Thursday, 5 November 2015

Court okays ex-NSA, Dasuki, for medical treatment abroad

On Tuesday, the Abuja Division of the Federal High Court, gave former National Security Adviser (NSA), Col. Sambo Dasuki (rtd), the nod to travel abroad for medical treatment.

Dasuki was the former national security adviser to ex-president Goodluck Jonathan. He was arraigned on a one-count charge of being in possession of various range of firearms without requisite licence, an offence punishable under section 27 (1)(a) of the Firearms Act Cap F28 LFN 2004.

The discovery was made during a raid of his house situated at 13, John Khadiya Street, Asokoro, Abuja on July 17, 2015.

Justice Ademola Adeniyi hinged his decision to give Dasuki the three weeks medical leave abroad on his “deteriorating health condition.”

Justice Adeniyi also dismissed fears by the Federal Government that the former NSA, could go into hiding once allowed outside the shores of Nigeria.

The Federal Government, had through the Director of Public Prosecution, DPP, Mr. Mohammed Diri,  opposed Dasuki’s application to be allowed to go for medical checkup abroad.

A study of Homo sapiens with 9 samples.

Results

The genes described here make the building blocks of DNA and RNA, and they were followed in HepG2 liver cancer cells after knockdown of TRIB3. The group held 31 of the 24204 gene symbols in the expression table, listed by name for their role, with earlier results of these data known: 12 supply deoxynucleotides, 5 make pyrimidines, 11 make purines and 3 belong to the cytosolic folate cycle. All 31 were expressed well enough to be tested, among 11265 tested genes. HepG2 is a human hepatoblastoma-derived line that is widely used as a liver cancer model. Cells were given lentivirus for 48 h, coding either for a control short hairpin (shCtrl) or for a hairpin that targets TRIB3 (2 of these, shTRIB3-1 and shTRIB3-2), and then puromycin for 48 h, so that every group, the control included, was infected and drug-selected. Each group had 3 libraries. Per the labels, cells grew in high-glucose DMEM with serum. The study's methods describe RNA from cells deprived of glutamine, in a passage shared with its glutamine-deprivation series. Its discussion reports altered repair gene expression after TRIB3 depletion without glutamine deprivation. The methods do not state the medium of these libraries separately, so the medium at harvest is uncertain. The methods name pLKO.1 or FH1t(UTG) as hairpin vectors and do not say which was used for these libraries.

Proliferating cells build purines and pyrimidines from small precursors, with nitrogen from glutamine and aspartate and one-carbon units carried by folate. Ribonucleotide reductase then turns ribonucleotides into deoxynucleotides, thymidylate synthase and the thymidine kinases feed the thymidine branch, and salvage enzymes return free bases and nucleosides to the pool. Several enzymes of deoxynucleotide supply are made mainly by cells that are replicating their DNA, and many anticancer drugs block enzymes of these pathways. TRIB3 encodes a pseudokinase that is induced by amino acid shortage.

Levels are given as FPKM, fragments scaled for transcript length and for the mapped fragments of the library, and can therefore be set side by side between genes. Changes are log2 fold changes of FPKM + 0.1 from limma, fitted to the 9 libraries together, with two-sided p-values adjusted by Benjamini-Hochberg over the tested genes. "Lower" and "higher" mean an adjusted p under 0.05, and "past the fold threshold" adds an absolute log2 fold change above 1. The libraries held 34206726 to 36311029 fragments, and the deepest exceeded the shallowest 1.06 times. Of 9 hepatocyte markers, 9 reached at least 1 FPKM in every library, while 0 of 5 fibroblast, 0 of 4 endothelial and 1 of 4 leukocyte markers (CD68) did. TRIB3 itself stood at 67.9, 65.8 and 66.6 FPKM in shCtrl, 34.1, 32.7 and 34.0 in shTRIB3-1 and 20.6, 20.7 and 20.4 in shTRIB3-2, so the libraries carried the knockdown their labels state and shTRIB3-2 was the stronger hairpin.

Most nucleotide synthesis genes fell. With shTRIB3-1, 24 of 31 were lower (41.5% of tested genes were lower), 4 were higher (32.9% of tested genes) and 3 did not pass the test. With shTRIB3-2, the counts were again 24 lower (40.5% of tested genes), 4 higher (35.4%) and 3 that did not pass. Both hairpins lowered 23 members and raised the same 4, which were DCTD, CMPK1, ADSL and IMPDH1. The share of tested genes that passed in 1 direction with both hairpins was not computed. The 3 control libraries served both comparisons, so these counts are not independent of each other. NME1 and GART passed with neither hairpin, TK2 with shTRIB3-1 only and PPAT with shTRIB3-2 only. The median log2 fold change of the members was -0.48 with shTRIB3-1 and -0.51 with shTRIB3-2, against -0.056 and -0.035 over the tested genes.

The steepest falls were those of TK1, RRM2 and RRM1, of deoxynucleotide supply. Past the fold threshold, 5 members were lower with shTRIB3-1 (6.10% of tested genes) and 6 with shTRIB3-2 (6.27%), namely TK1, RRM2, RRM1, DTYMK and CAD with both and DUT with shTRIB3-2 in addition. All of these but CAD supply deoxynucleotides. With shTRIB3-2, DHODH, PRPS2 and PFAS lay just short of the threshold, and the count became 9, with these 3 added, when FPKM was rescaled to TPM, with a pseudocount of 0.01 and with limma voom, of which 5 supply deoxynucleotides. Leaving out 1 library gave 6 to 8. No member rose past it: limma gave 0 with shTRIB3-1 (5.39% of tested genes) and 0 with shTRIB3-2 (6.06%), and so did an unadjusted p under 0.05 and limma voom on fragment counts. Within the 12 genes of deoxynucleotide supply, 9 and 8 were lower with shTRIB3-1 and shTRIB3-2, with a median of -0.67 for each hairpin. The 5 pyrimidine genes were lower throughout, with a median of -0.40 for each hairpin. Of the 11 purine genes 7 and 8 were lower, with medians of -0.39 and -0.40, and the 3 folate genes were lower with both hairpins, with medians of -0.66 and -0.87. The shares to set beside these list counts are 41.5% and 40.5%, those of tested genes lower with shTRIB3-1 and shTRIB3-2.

The DPP told the court that the government had already commenced a fresh investigation on another money laundering case involving the erstwhile NSA, saying the application was only aimed at frustrating his trial.

Besides, the Federal Government contended that the National Hospital in Abuja is well equipped to handle whatever ailment Dasuki is suffering from.

However, while dismissing Federal Government’s objections, yesterday, Justice Adeniyi held that “every citizen has a right to choose the medical facility  he wants to be treated in, whether in Nigeria or abroad.”

The judge also ordered the release of Dasuki's international passport which was seized as part of his bail conditions, with orders that Dasuki surrenders it (international passport) to the Deputy Chief Registrar Litigation, within 72 hours upon his return.

Meanwhile, shortly after the ruling, the former governor of Adamawa State, Mr. Boni Haruna, signed an undertaking to take the place of the ex-NSA should he fail to return to the country after three weeks to continue his trial.